A new formulation of an old medication could give chronic pain patients an alternative to hydrocodone and other painkillers that have become harder to get prescriptions for.
Endo International (NASDAQ: ENDP) and BioDelivery Sciences (NASDAQ: BDSI) have submitted a new drug application for a buprenorphine film patch to the Food and Drug Administration for the management of chronic pain requiring daily, long-term opioid treatment. The companies are hoping for FDA approval by October, 2015.
Buprenorphine is an opioid that has long been used as an addiction treatment drug sold under the brand name Suboxone, but it can also be used to treat chronic pain.
““This product has one-tenth to one-twentieth the amount of buprenorphine in products that are used to treat opioid addiction. A much smaller dose of buprenorphine is needed to treat chronic pain in people who are not addicted,” said Dr. Mark Sirgo, President and Chief Executive Officer of BioDelivery Sciences.
Although the dose is smaller, Sirgo says the buprenorphine film is effective in treating pain because the drug is absorbed through the inside lining of the cheek and enters the blood stream faster. In a clinical study, he said the film was effective in treating patients who were taking a “hefty dose” of opioids equivalent to 160 mgs of morphine a day.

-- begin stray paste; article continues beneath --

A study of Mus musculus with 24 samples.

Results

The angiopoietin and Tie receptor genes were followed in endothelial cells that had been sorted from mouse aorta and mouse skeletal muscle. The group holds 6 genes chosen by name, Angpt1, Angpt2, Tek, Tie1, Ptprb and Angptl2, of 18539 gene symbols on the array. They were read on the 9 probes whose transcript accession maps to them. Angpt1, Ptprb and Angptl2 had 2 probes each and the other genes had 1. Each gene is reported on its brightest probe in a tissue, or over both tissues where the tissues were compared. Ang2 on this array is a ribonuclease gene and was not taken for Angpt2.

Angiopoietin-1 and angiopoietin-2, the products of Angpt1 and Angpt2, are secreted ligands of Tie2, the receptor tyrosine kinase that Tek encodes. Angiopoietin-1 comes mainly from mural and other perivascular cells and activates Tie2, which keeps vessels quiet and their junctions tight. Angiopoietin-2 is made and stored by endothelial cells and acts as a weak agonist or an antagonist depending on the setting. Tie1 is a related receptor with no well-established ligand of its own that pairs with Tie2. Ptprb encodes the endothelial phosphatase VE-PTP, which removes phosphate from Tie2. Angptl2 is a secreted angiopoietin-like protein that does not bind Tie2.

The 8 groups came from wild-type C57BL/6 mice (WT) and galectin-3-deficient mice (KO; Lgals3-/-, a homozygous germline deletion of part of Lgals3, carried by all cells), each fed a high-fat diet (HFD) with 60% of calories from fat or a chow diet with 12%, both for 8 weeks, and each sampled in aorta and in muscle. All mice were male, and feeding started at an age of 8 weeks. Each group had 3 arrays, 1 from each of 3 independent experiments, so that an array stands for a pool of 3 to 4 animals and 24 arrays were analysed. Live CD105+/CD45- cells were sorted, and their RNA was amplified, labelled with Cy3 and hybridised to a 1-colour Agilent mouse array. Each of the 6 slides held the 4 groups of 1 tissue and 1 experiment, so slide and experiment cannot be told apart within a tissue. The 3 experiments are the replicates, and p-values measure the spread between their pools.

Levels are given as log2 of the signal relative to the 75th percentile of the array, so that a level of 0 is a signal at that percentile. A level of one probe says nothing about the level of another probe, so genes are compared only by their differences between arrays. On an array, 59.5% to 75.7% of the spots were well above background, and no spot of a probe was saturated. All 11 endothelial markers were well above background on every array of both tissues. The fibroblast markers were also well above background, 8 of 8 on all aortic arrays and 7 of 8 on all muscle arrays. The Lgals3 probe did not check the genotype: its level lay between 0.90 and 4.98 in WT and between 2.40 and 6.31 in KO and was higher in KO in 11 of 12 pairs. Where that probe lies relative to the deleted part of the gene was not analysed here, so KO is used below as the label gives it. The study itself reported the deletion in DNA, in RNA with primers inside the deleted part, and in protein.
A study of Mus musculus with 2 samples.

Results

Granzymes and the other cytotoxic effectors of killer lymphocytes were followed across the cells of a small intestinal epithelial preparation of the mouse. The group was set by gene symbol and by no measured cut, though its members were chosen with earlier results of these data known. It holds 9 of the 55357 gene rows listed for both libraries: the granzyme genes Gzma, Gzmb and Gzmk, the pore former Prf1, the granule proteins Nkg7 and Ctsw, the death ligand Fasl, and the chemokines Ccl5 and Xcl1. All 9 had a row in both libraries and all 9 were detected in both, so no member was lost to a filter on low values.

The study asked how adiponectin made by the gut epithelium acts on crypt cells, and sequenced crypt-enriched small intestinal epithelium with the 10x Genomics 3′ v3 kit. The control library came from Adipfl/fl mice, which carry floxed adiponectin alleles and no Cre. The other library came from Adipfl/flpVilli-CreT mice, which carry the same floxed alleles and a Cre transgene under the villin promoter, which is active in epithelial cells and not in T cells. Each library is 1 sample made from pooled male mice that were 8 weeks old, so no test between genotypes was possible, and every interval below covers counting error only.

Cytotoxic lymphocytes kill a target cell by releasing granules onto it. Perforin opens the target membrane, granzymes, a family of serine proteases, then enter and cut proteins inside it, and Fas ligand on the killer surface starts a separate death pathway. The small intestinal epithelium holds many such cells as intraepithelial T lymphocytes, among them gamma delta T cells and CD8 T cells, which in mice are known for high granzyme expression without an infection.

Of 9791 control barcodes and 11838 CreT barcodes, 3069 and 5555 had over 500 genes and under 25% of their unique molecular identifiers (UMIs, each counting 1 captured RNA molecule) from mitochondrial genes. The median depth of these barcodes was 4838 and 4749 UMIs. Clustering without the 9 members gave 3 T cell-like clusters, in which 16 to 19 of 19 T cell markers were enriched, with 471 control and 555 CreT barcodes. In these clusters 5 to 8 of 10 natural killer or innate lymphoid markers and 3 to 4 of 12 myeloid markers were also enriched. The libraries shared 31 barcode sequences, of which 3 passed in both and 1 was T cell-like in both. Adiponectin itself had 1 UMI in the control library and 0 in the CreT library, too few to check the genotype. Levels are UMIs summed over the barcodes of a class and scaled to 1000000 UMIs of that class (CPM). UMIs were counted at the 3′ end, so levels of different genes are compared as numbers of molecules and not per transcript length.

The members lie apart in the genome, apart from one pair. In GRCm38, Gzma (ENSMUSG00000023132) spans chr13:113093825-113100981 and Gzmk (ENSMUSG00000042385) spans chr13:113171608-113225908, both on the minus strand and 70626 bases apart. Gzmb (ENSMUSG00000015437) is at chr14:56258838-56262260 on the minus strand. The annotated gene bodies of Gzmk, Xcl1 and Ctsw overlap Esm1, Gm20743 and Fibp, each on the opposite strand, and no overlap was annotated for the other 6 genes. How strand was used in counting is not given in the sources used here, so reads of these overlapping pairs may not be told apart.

“We took those patients into one of our Phase III trials, which were enormously successful and positive. We had patients who were on very high doses of opioids and switched them over to buprenorphine and maintained their pain control,” Sirgo told National Pain Report.
Unlike hydrocodone, which was recently reclassified by the DEA as a Schedule II medication, buprenorphine is a Schedule III drug – making it easier to obtain prescriptions for.
Hydrocodone combination products such as Vicodin were reclassified in an effort to combat a nationwide “epidemic” of prescription drug abuse. The rescheduling limits patients to an initial 90-day supply and requires them to see a doctor for a new prescription each time they need a refill. Many pain patients say their doctors are now reluctant to prescribe hydrocodone and pharmacists are unwilling to fill their prescriptions.
“Buprenorphine on a relative basis is as potent as C-II (Schedule II) opioids, it just has a lower side effect liability,” said Sirgo. “We certainly think a lot of physicians who are accustomed to writing a Schedule III hydrocodone combination product will find this extremely attractive. We also hope they will realize this is a less abuse-able and less addicting product.”
Buprenorphine film is less likely to be abused, according to Sirgo, because the patches are difficult to grind or liquefy for snorting or injecting.
“I’m not ruling it out by any means because these addicts will figure out a way, but it’s much more difficult to try to abuse this given the dosage form,” he said.
Buprenorphine is already used to treat pain in the form of a transdermal (skin) patches made by Purdue Pharma under the brand name Butrans. Sirgo says the 7-day patches are “a very ineffective way to deliver the drug” and many patients find them inconvenient to wear for a week.